New film distribution website will allow the public to hold their own screenings of social action documentaries and keep the profits.

UK funding body Channel 4 Britdoc Foundation has joined forces with The Age Of Stupid director Franny Armstrong to launch a new film distribution website which allows the public to hold their own screenings of social action documentaries and keep the profits after paying a licence fee to the film-makers.

There are 8 films currently available on the Good Screenings website, which launched today, including Rupert Murray’s The End Of The Line, Berlinale award winner The Yes Men Fix The World and Matt Whitecross’s documentary about Burmese refugees Moving To Mars, as well as Armstrong’s McLibel and The Age Of Stupid.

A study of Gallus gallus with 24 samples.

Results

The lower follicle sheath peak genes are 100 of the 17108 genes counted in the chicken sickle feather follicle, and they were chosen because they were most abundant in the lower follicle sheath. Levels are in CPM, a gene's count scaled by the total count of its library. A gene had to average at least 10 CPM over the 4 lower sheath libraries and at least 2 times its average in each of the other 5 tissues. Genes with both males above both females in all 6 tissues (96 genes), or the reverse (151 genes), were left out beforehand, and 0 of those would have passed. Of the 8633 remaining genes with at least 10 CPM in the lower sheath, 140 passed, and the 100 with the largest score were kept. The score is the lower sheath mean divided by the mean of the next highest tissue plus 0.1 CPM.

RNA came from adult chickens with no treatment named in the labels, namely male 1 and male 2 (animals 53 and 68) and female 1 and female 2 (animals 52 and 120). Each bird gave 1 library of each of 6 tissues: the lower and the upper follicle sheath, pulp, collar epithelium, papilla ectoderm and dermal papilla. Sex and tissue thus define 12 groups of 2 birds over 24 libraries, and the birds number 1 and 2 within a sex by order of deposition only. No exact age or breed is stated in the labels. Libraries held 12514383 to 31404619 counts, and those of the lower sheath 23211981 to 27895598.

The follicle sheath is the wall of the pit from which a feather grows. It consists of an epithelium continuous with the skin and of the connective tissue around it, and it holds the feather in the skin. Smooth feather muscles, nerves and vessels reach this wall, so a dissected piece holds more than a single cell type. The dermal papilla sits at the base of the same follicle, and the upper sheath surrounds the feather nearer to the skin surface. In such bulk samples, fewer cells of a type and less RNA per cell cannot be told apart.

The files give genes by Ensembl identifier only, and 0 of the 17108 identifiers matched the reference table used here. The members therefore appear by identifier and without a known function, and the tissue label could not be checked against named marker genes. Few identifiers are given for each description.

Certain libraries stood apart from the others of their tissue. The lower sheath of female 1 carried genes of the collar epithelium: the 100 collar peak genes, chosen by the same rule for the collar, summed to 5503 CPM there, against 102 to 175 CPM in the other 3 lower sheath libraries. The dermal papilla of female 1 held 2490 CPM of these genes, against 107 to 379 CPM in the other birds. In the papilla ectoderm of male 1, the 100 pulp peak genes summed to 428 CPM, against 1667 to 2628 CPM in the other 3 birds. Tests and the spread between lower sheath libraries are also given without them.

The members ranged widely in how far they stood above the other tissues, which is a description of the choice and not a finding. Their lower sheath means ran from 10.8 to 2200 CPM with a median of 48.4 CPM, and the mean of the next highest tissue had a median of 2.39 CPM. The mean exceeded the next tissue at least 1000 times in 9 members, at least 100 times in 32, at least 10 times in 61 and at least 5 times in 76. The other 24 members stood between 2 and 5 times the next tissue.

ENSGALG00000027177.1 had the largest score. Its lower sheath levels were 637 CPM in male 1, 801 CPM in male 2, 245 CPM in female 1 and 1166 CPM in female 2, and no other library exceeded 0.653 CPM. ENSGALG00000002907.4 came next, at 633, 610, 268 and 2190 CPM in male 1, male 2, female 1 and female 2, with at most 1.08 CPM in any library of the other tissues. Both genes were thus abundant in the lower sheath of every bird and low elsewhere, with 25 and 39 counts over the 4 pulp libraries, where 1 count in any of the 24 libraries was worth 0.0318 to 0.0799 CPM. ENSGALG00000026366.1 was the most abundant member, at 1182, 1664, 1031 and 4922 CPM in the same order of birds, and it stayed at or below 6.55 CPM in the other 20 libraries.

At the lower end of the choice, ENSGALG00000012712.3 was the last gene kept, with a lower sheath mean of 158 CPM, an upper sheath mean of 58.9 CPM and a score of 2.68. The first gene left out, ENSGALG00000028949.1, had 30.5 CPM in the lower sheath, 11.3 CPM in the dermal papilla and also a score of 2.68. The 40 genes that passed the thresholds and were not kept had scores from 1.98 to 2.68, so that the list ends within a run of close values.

The website is an extension of Armstrong’s own initiative for the release of The Age Of Stupid in 2009, which saw 1300 screenings being booked in the first six months after its release.

Potential distributors will pay a licence fee to screen the films in their schools, churches, museums or other locations. The licence fee, which will be calculated according to where they plan to screen and how many viewers they are expecting, will then be split between the film-maker and a new production fund set up by not for profit organisation Britdoc for future projects.

Organisers can then keep the revenues from ticket sales for their own campaign or cause.

More films will be added to coincide with Britdoc’s Good Pitch forums which take place at festivals, including Tribeca, throughout the year.

Jess Search, CEO of the Channel 4 Britdoc Foundation, said: “Finding new ways for important films to reach the right audiences is one of the Foundation’s key aims.Great films have long lives and, even better, as they continue to be seen, the profits will enable new films to get funded.”